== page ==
NEW YORK: The agriculture sector is going to be important in launching the Malaysian economy to the next level, Economic Affairs Minister Datuk Seri Azmin Ali said.
With the number of poverty cases higher in states whose economies are driven by agricultural activities, the government needs to correct the imbalance in wealth distribution and reduce disparity between income classes, ethnic groups, territories and supply chains, he added.
“Therefore, Malaysia has taken a comprehensive view to measure the poverty line with the introduction of the Multidimensional Poverty Index, which takes into account demographic factors, education, health and standard of living to provide a clearer picture of the socioeconomic needs of society,” Azmin said at a United Nations side-event on poverty eradication, yesterday.
He said this is among the core objectives of the Shared Prosperity Vision that will be undertaken by Malaysia in its long-term development plan for the next 10 years.
“As a start, we need to deepen our research & development into mixed farming so that the agriculture sector does not entirely rely on rubber and palm oil produce, but instead will devote a portion of lands into production of cash crops such as vegetables, fruits and flowers that are very much in demand in the global market,” Azmin said.
The side-event on “Environmental Stewardship in Addressing Poverty to Achieve Sustainable Development for All”, was hosted by Malaysia, with support from Turkey and Pakistan.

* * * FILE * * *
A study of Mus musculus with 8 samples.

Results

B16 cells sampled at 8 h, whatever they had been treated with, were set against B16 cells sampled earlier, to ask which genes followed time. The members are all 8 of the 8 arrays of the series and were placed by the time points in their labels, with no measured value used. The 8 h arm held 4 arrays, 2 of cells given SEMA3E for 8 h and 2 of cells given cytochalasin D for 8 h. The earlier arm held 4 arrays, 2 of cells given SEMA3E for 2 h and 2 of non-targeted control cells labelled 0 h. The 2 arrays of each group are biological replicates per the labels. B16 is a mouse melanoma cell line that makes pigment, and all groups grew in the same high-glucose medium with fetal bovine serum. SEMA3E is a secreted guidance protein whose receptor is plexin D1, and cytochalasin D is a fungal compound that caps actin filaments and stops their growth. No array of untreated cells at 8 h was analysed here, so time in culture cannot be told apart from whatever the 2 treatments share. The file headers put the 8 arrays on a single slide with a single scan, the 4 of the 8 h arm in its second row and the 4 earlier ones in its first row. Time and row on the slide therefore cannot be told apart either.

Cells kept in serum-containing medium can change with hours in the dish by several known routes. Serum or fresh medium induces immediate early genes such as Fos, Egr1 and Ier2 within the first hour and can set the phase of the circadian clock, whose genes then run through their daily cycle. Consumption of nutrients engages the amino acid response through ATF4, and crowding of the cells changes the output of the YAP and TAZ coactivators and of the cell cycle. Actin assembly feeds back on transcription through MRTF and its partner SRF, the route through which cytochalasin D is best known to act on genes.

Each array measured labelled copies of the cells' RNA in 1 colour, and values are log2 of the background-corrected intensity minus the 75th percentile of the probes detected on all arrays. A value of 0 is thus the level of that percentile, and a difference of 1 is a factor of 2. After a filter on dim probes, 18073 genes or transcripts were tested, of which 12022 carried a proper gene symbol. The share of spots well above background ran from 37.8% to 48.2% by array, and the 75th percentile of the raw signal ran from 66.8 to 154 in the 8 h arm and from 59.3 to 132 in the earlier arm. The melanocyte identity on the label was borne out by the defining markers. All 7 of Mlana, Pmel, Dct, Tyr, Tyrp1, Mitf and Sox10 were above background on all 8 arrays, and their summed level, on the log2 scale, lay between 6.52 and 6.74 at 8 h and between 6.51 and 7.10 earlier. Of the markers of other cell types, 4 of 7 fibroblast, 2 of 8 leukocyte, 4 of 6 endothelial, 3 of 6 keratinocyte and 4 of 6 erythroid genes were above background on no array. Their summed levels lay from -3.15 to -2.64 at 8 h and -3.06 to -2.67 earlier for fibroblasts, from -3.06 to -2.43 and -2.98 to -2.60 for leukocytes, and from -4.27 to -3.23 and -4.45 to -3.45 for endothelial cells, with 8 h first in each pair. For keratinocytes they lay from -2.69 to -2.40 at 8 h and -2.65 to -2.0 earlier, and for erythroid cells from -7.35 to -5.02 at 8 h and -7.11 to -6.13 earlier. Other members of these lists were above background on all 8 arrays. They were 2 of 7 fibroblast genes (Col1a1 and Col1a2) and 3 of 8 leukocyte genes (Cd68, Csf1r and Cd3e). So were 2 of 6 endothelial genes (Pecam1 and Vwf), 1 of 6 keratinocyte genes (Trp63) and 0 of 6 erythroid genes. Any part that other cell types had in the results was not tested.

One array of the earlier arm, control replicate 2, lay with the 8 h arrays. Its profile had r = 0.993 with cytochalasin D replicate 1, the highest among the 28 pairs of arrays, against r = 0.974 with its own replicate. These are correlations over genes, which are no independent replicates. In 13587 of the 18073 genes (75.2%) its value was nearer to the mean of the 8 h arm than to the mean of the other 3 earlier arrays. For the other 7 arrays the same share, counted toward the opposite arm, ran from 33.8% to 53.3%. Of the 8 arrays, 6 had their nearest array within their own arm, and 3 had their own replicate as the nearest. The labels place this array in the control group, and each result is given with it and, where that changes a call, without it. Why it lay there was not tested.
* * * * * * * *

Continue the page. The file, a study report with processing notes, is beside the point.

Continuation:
Azmin said Malaysia’s food import bill in 2018 stood at more than RM50 billion and is growing year by year. Many of the crops imported now can be replaced with local production.
“To achieve this requires economies of scale in production. Hence, our new approach will amalgamate smaller farms to be managed professionally, efficiently and thus generating higher income for farmers,” he added.
Azmin said the agriculture sector could be enhanced through smart farming, using new technology like artificial intelligence, automation, Big Data analytics, drones and robotics.
This necessitates developing high-skill human capital such as farm managers that are professionally-certified and able to maximise production, as well as manage the farms professionally and efficiently.
“This also creates new high-income jobs that are crucial in uplifting the socioeconomic conditions of the agriculture workforce as one of the measures to increase their purchasing power,” he added.
Azmin said that as Malaysia remains steadfast in its commitment to achieving sustainable development for all in addressing poverty, a similar approach will be taken in all areas of the economy.